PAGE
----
According to a U.N. report, an estimated 15,000 fighters from around the world have left their homes to join extremist groups operating in Iraq and Syria. It adds that actual numbers could be even higher.
The report, which was submitted to the U.N. Security Council by a panel that monitors al Qaeda and the Taliban, states that foreign fighters are joining the Islamic State and other extremist groups on "an unprecedented scale." They are coming mainly from the Middle East, Western Europe and North Africa, although there are also some Asians and a smaller number of Americans.
The report warns that if radicalization of foreign fighters continues when they return to their homes or even third states, the threat of extremist violence "could swiftly increase in areas as diverse as Europe, the Maghreb, Asia and Africa."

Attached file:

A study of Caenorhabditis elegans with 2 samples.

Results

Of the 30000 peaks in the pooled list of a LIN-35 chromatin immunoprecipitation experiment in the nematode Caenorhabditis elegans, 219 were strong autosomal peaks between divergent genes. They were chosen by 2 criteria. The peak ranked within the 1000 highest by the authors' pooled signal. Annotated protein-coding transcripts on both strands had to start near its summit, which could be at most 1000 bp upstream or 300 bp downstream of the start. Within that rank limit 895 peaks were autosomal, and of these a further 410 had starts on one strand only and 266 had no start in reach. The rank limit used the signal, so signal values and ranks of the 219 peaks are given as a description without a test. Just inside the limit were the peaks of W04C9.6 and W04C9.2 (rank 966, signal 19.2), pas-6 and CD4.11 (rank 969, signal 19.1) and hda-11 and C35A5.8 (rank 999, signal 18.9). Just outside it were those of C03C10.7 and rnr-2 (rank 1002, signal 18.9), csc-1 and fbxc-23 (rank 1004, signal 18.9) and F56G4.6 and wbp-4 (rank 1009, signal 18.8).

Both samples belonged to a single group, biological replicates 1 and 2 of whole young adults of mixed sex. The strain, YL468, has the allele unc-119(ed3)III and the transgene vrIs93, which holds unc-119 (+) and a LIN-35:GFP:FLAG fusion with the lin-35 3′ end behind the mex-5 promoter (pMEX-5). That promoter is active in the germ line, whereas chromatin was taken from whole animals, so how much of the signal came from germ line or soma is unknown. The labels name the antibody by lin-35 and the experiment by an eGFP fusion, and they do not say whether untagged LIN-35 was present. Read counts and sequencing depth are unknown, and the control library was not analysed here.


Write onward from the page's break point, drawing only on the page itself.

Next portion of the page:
The numbers of fighters are now many times the numbers of all foreign extremist fighters from the previous decade, and growing, the U.N. says.
Nationals or residents from more than 80 countries have joined these extremist groups. The report does not list the specific countries.
The U.N. states that in 2014, the foreign fighters included networks of ethnic Chechens — as well as individuals from France, Russia, Britain and Northern Ireland operating together.
Many of the senior commanders of al Qaeda and the Islamic State are now veterans of other conflicts — bringing a range of skills, capabilities and social networks "that enhance the terrorist threat," the report says.
The United Nations in September adopted a resolution compelling countries to work to prevent their citizens from traveling to join terrorist organizations.